Landscape Conservation Cooperatives are, by definition, partnerships. They were created to bring together diverse groups (federal, state and local agencies; non-governmental organizations; universities; tribes; businesses; private landowners) and individuals, with the common goal of large landscape-scale conservation. By bringing together several different partners, this goal can be more effectively achieved than if attempted by individual groups operating on their own. At times, these partnerships can result in innovative and even unexpected conservation opportunities.
Currently a new partnership in large landscape conservation is being forged; the Peninsular Florida LCC is partnering with the U.S. Air Force, U.S. Fish and Wildlife Service, University of Florida, Florida Natural Areas Inventory, The Nature Conservancy, and the National Wildlife Refuge Association on development of The Florida Strategic Plan for Sustaining Military Readiness through Conservation Partnerships. This new initiative will result in the development of landscape-level planning for Air Force installations in Florida that are in line with strategic conservation plans recommended by the Peninsular Florida LCC.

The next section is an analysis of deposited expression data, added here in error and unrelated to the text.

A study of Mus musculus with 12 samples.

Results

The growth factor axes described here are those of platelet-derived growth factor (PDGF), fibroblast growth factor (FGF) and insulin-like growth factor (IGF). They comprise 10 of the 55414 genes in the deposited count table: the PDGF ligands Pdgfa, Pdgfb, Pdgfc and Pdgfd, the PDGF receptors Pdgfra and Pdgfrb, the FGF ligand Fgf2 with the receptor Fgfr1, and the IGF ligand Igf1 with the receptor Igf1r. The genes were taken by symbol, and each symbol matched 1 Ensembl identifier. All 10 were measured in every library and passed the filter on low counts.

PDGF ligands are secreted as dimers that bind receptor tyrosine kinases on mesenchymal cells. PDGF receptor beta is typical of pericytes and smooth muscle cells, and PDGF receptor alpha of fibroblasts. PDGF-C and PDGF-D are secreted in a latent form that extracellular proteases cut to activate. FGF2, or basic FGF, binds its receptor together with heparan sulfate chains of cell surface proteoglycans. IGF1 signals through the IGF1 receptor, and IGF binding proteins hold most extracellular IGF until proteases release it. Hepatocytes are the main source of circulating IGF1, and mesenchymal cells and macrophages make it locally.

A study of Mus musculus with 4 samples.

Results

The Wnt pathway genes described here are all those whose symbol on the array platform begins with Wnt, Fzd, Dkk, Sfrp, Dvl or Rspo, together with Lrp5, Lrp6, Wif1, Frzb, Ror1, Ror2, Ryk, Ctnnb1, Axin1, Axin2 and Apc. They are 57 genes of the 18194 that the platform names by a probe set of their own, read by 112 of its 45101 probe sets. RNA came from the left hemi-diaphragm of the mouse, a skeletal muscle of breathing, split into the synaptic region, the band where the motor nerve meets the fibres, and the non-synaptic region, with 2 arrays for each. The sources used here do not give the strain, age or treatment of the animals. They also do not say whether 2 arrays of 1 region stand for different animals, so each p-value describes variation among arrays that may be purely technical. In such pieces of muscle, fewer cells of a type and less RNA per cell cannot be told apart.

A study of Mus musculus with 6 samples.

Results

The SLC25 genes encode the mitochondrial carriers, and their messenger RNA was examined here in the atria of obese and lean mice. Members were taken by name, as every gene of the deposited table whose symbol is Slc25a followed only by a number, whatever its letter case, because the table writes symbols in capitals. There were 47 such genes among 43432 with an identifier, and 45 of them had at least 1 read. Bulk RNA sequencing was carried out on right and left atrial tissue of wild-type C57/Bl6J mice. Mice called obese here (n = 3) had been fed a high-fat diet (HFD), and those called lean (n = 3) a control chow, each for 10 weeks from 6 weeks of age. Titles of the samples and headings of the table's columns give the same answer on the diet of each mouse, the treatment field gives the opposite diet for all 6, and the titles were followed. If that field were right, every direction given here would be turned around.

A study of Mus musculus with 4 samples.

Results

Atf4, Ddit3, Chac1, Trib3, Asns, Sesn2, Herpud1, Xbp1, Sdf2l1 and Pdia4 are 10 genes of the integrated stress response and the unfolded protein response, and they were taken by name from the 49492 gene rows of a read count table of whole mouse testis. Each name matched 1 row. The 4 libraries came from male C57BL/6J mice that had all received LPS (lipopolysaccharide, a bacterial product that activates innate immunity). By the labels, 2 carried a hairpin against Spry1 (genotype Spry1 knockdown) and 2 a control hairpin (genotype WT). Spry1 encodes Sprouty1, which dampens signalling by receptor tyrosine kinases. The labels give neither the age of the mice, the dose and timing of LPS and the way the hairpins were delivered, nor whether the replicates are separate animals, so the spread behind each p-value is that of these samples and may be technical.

Essentially, this new initiative will add a valuable option to meeting Florida’s conservation needs; as Air Force installations in Florida create plans for base boundary expansions, there is an opportunity for significant land conservation in the landscape-scale buffering zones mandated around these bases. By working in conjunction with the LCC, these conservation opportunities can be effectively integrated into current and future Air Force land planning. Thus, the end result is a melding of the Air Force mission with meeting critical conservation needs within the Florida landscape.
This new collaboration is in the formative stages of what is likely to be a two year initiative and is a proof of concept activity that will be including all Florida bases. Eventually, this initiative could be expanded to Air Force installations on a national level. The implications of this collaboration are exciting news for large landscape-scale conservation, creating a new avenue for conservation opportunity.